Not believing my own eyes, I stepped out beneath the canopy that spanned the entire sidewalk in front of the shopping plaza. As I did the rain slammed down in an abrupt torrent. Hidden in the roar of the water was the wail of something…preternatural.
“Oh snap!” Oliver stepped out beside me and shivered, as the temperature had dropped at least thirty degrees in just a manner of seconds. He leaned close enough to shout over the rain, “Do you hear that?”
The keening grew louder, like a banshee caught in the tempest. I doubted Oliver’s next shiver had anything to do with the cooler air.
“Over there.” I motioned to the only space that didn’t have one of the charred, disfigured signs and the general direction of the screeching.
We made our way to the empty shop. Nobody followed us, though the other four crowded in the open doorway and watched us with enough excitement to freak me out. That definitely didn’t make me feel good about any of this. Portia didn’t seem the type to scare easily, but even her face had grown ashen.
I pushed open the unlocked glass door and stepped into an empty space, save for a broken dust mop and several chunks of canvas-covered furniture. The rain outside echoed off the bare walls, and the remnants of a beaded curtain shivered in an empty interior doorway.
The bellowing wail came to an abrupt stop and Oliver reached out and gripped my shoulder. The scent of mildew and dust permeated and tickled my sinuses. I sneezed and rubbed my nose to stop a second. I took a few steps into the shop, and my breath became visible as the temperature dropped.
“Wait.” Oliver froze next to me and squeezed. “Teagan, go outside.”
My best friend rarely issued commands. The husky, reverberating sound of his voice wasn’t something I’d heard before. He was scared.
Before I could turn to leave, a deafening paranormal scream pierced the complex. Nothing about the feral, inhuman sound was of this world. I dropped to my knees and covered my ears as the sound scorched through my head. The windows rattled, the sound of the rain disappeared. I was consumed with a deafening shriek that stole my breath and left my body twisted with agony. And when I thought I couldn’t take anymore—it stopped.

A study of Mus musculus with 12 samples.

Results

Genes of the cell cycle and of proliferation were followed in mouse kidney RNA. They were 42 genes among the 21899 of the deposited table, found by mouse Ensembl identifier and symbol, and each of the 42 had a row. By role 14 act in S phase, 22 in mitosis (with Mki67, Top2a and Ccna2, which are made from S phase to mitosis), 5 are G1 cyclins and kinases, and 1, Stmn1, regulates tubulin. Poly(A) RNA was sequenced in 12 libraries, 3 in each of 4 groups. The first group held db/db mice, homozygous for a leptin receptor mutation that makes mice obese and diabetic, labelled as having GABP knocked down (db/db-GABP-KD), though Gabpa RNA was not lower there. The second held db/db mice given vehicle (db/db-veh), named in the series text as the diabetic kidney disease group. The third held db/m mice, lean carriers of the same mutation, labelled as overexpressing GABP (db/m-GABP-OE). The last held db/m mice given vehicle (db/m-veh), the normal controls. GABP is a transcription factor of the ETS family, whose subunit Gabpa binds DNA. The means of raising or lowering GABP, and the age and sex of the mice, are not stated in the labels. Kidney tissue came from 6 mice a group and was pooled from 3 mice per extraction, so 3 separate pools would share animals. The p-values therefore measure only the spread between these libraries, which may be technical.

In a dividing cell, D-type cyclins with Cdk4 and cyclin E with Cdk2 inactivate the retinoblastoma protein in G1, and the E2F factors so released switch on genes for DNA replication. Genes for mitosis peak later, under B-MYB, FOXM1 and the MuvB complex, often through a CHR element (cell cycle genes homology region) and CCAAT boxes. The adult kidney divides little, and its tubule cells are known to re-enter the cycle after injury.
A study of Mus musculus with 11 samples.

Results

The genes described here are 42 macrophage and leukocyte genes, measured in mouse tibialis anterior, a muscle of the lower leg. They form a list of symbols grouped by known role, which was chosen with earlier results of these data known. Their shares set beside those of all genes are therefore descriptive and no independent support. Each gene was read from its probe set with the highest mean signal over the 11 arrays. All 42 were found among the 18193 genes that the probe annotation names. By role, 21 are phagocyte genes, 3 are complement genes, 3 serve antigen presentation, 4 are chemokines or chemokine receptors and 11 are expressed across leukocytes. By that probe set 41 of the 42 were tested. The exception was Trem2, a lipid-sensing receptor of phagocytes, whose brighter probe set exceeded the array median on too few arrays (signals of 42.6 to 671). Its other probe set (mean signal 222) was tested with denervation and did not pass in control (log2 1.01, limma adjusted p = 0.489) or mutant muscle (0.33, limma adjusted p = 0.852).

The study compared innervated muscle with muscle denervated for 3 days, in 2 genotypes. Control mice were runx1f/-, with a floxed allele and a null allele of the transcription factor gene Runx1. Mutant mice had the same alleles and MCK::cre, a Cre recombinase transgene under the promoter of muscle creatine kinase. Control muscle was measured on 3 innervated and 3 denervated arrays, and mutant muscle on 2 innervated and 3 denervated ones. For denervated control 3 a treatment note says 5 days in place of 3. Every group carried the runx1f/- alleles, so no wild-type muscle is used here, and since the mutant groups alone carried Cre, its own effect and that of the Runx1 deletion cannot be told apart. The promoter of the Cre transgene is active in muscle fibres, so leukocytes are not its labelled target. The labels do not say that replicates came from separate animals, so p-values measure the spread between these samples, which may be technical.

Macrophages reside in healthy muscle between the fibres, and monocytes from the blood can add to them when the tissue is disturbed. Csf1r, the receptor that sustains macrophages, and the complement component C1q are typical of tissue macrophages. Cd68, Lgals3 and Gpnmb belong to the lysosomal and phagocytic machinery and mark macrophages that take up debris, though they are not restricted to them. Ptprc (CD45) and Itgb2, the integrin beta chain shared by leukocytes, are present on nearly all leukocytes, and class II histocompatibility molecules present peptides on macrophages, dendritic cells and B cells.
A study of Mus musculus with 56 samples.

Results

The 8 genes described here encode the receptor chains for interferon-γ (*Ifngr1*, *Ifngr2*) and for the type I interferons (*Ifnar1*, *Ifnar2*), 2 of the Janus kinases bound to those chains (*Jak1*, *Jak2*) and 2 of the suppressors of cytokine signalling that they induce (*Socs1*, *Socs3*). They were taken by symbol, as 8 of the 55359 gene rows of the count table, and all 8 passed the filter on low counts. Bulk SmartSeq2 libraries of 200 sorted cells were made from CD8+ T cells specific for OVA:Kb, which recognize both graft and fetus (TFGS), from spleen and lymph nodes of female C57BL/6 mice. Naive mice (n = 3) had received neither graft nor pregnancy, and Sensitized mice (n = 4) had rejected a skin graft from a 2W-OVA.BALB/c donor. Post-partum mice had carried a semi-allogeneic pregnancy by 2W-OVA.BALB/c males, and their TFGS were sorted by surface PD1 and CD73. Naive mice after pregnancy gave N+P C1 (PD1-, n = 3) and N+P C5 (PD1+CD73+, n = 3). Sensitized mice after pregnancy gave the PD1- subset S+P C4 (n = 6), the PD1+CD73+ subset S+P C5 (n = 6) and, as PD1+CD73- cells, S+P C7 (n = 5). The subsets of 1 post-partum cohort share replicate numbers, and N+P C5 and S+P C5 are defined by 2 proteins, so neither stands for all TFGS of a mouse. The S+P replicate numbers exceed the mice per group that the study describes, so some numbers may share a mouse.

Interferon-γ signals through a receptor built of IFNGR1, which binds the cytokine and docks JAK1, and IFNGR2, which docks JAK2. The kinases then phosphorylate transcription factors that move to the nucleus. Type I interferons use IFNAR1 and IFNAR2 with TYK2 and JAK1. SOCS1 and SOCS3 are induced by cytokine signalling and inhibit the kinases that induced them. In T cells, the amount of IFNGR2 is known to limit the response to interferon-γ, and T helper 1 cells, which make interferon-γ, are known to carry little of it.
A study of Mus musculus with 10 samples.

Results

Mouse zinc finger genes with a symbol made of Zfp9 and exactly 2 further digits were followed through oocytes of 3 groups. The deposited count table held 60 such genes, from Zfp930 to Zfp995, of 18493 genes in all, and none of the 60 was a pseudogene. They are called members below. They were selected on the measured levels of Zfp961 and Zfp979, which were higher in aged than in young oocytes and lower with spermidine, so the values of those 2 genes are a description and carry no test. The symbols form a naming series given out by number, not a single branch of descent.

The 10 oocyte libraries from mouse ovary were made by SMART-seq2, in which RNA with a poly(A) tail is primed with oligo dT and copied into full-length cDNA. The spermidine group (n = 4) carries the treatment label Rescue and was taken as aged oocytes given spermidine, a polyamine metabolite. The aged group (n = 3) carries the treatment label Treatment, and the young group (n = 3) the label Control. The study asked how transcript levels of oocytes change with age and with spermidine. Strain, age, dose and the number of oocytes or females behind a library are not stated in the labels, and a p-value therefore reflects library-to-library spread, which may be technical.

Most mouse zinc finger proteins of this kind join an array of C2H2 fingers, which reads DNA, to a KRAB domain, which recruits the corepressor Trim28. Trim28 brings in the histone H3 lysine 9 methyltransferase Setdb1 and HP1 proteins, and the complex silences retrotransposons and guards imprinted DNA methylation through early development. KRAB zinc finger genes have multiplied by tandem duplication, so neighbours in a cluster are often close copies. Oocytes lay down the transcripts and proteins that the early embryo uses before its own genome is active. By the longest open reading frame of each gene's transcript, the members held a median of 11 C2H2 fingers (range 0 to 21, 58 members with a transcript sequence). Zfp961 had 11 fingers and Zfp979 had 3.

Oliver snatched me by the arm and jerked me outside, where he took out a baggie of black salt and haphazardly sprinkled a fair amount of it over me. I sneezed again, all the while my ears ringing and the downpour raging on.
Mr. Howard ambled from the doorway to us. “Power’s out now.”
“I suppose that’s my fault, too?” I huffed a sigh.
“Yup.” He spat at my feet. “Damn witches. She knew what you were; you set her to crying again, didn’t ya? Right after we got clear skies. Guess I’ll go get my poncho and wade out for more sandbags.”
By now, the rain had exploited the weaknesses in the awning and mini waterfalls were sprouting up every few feet.
“Her who?” I looked to Oliver and wiped the dirt and dust from my knees.
“The ghost.” He was panting. “A witch’s ghost.”
My heart sank. A ghost, we could banish. A witch only remained if she was cursed, which made getting rid of her almost impossible. Damn it. This rain was going to last a while.